PABLO SANDOVAL'S philosophy on hitting is part Duke Snider ("Swing hard in case they throw the ball where you're swinging"), part Pete Rose ("See the ball; hit the ball") with this little twist: "I see the little white thing," Sandoval says, "and I swing." Whether the white thing is heading for his head or his shoe tops, is in on his hands or out off the plate, he swings. When it comes to pitches or location, Sandoval does not discriminate. "I don't have a lot of mechanics and all that," he says. "I just hit the ball."
Ordinarily, this might pose a problem for the Giants, who preach patience and discipline to their young hitters. But the Sandoval school of hitting works—at least it does for him. Last spring he was sent to Class A San Jose to begin his fifth season of pro ball. After hitting .359 there and .337 at Double A Connecticut, he was called up in mid-August to the Giants, and he hit .345 in 145 at bats (but walked only four times). This spring manager Bruce Bochy says he expects Sandoval to hit third, fourth or fifth in the order.
"He came out of nowhere, really," hitting coach Carney Lansford says. "We saw him last year in spring training and the ball jumped off his bat, but we were afraid he would chase a lot of the balls out of the zone. Well, he does chase a lot of balls out of the zone—and he hits them."
Sandoval, 22, is a phenomenon in more ways than one. He is a 5'11", 246-pound switch-hitter who can play three positions. Signed out of Venezuela in 2003 as a third baseman, he was converted to catcher, moved back to third and has also learned to play first. (In the interest of roster flexibility, the Giants would do well to consider giving him time behind catcher Bengie Molina; Sandoval gunned down 30 of 68 runners in the minors last season.) He throws with his right hand but describes himself as ambidextrous, which helps explain his proficiency from both sides of the plate.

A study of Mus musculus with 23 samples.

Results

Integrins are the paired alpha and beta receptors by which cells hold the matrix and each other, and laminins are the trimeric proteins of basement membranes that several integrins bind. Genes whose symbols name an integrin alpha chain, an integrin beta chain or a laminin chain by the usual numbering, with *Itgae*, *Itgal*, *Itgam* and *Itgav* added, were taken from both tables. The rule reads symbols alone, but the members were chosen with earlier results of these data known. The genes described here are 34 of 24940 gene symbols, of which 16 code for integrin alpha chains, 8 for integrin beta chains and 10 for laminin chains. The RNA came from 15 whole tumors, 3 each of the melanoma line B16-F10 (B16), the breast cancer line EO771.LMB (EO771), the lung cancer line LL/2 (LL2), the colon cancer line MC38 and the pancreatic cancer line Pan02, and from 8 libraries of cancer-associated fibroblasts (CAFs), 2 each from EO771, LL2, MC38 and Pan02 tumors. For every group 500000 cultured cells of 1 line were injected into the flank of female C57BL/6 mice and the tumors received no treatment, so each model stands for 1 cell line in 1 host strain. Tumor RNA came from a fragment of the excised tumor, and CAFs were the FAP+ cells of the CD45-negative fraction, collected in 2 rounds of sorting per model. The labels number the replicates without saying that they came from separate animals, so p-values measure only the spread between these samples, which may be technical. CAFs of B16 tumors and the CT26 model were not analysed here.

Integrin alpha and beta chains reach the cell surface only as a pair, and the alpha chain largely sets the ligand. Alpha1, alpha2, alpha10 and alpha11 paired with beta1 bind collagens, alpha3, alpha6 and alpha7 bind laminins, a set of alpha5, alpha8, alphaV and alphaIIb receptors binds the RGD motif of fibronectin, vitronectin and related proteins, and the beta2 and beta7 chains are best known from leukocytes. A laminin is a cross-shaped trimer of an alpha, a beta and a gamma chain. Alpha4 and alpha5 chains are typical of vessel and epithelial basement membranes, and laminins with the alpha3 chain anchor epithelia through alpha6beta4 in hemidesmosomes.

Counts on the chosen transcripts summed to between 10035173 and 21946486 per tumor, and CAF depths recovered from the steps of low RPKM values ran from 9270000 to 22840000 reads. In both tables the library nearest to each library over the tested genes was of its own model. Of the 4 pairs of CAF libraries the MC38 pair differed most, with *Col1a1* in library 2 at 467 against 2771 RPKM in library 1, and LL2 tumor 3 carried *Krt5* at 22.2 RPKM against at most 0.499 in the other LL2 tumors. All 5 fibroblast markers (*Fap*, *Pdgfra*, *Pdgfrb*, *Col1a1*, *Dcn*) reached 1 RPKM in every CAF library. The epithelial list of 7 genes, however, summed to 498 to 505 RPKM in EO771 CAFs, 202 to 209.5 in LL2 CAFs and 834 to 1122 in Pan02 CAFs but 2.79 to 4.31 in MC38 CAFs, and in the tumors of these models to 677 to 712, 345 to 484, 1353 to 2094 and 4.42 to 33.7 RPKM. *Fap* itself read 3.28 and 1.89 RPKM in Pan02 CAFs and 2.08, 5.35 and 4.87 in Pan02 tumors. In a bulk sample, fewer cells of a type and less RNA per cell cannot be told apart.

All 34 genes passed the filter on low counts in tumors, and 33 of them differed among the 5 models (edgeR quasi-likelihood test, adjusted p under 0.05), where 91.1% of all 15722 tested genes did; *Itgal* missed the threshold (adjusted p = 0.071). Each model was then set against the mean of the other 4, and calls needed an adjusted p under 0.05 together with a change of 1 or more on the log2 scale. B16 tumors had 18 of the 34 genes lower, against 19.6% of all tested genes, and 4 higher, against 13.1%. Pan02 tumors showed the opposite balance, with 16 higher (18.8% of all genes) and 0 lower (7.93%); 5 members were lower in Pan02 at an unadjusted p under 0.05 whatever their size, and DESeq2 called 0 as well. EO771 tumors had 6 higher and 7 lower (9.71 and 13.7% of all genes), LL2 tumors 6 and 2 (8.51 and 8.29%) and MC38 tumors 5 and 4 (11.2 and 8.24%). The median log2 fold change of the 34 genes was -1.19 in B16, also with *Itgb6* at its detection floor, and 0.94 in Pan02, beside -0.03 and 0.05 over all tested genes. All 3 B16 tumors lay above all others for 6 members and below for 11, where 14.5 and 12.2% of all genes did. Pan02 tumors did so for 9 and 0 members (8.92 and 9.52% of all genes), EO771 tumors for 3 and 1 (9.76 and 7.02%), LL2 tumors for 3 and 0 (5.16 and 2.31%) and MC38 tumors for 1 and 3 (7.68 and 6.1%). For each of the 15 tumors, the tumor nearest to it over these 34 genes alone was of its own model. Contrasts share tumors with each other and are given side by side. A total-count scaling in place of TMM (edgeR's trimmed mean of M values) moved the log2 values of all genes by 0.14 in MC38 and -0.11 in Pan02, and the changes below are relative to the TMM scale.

Teammates tell Sandoval that he is built like Tony Gwynn—in Gwynn's later years—and hits like the free-swinging Vladimir Guerrero. But his recent ascent through the minor leagues is vintage Albert Pujols, who started the 2000 season with the Class A Peoria Chiefs and was voted National League Rookie of the Year with the Cardinals in '01.
Judging from last season, when Sandoval hit only three home runs in 41 games in the majors, he does not generate the kind of power that Pujols and Guerrero do. Then again, he won the home run derby in the Venezuelan winter league this off-season, besting a field that included Bobby Abreu, Miguel Cabrera and Magglio Ordoñez. That hot stick carried over into the spring, during which he was batting .467 in 60 at bats through Sunday.
San Francisco has not had a homegrown position player make the All-Star Game since Matt Williams in 1996, and if the club is going to contend this season, not an impossibility in a shallow division, it will need Sandoval to channel Williams. The Giants have three Cy Young Award winners in their starting rotation (Randy Johnson joins Tim Lincecum and Barry Zito) and an overhauled bullpen (free-agent pickups Jeremy Affeldt and Bob Howry join closer Brian Wilson), but they scored the second-fewest runs in the National League last season and they cannot expect new shortstop Edgar Renteria, the team's lone major every-day addition, to invigorate the offense on his own.
Rather, they believe a full season from Sandoval could make the difference. He will need to adjust to pitchers who are seeing him for the second time and maybe even lay off a few sliders in the dirt. But the Giants do not believe he will be weighed down by the pressure to carry an entire lineup. "Won't change him at all," Lansford says. "He doesn't overthink anything—just sees the ball, hits the ball."
When Sandoval made his debut last year, on Aug. 14, the Giants were 50--69. Over their last 43 games they went 22--21. One game over .500 might not sound like much, but in the National League West it won't take a whole lot more.